Warren frowned, reading it. It was from FEMA, and both he and Dr. Bill Lewis were named. “Can they do this?”
Jim nodded. “Yes, they can.”
“I thought it was voluntary. That’s what it said on the news.”
“Better get packed. You’ve got to be at the airport in less than two hours.”
Flown in by military transport, Warren wasn’t prepared for the immensity of the disaster. Livestock, especially hogs from the area’s numerous confinement facilities, topped the list of mortalities, with dairy cows coming in a close second. Luckily, his specialty was horses. He didn’t have to slog through reeking pens filled with desiccating animals to write up the mandatory ‘cause of death’ for a farmer’s claim forms like Bill was. He just had to treat savage chemical burns and respiratory complications on survivors. Unfortunately, that job was turning out to be more death-dealing than life-saving. So far, eighty percent of his patients had to be euthanized. Like the mare laying in the pasture before him, the flesh of her legs eaten almost to bone, her hoof walls corroded through. How they had managed to move her to safe ground in the first place was mind-boggling.
“Can’t you do something? She’s my daughter’s.”
Warren glanced up at the owner and shook his head. “I’m sorry. There’s just no way she can recover.”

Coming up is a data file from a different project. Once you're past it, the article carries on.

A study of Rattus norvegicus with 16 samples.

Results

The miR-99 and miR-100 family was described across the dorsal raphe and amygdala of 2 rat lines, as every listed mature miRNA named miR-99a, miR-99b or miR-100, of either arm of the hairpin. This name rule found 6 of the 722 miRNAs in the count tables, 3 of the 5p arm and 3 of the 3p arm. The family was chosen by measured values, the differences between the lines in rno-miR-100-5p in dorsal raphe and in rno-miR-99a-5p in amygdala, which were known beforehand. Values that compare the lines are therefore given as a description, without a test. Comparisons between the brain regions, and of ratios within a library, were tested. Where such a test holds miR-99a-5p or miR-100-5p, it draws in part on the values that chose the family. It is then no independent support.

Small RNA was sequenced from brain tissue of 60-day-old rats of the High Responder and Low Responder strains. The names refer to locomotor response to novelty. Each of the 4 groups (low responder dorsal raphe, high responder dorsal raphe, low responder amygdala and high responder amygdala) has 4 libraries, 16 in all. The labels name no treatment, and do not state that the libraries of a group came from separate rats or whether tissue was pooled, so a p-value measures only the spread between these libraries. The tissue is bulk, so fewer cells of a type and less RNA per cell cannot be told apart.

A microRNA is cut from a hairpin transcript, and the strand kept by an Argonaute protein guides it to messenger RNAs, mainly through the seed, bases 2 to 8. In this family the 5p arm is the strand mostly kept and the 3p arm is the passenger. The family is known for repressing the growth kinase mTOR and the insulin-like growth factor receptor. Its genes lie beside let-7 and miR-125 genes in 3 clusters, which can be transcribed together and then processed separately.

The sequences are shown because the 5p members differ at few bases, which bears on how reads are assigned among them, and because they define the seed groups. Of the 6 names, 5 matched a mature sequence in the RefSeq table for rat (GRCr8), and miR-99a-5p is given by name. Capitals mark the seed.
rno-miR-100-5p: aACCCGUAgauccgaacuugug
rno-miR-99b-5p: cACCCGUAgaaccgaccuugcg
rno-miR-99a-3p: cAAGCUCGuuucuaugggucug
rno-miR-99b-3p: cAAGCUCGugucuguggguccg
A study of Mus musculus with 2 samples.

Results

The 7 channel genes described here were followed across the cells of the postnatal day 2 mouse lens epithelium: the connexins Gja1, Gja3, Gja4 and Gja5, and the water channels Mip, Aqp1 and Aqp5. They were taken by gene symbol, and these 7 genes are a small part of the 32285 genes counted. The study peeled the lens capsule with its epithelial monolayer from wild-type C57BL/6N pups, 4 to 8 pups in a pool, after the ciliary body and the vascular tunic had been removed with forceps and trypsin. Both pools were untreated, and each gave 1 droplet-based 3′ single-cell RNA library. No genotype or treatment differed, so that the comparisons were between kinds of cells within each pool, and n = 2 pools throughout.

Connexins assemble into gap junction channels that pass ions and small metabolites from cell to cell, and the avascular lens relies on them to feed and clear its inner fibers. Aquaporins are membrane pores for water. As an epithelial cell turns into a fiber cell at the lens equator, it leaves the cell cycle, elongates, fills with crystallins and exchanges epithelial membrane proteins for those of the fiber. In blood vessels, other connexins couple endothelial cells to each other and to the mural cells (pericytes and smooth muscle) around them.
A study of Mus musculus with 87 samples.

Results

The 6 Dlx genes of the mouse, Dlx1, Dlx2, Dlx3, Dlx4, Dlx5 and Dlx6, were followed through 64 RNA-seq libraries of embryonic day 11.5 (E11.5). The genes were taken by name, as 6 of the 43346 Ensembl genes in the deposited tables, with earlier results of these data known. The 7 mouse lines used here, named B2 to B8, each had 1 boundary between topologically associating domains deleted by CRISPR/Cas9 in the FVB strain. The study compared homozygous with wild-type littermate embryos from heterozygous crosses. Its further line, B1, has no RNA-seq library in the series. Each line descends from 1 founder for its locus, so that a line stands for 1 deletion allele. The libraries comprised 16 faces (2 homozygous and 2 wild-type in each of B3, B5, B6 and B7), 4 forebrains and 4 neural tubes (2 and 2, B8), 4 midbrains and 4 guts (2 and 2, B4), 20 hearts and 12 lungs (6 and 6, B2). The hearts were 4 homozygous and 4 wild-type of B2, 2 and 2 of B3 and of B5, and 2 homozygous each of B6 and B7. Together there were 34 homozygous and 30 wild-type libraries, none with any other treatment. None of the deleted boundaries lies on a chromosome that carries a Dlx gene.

“Grafts?” the woman sobbed.
“The damage is irreparable. Sorry.”
Behind her, a young girl began crying, her father clamping his arm around her, turning her to him in a tight embrace. His eyes held Warren’s, desperation turning to resignation and sorrow.
“She’s been in our family since Amy was born. Fucking mining company.” The family moved away while Warren ended their mare’s suffering.
“What about mine?” came an old man’s voice as, already feeling the exhaustion set in that accompanied his any act of euthanasia, Warren pushed himself upright. “What about Jerry?”
Warren looked where an elderly man pointed to an equally aged gray gelding. That animal’s legs and hooves were, likewise, eroded, but the horse was still standing. “Let me take a look,” he said.
Running gloved hands down the gelding’s legs, Warren was surprised that, though burned, there was skin on the cannons, and it wasn’t friable. The same held true for the fetlocks and pasterns. And, while the hooves had sustained damage, especially the soles, the animal could recover. He turned to the elder. “Him I can save.”
The man nodded. “Thank God for contractor bags.”
“I wrapped his legs in layers of contractor bags before walking him out. That crap still ate through. Ate through my rubber boots, too. But I got him…got us both out.”
“It’s going to take months to heal,” Warren warned.
“Time and care,” the old man replied. “But he’s all I got left. Wife’s dead, and now the house is gone, too–this red mud.”
Originally created for Amy Knepper’s image writing prompt on G+’s Writer’s Discussion Group community.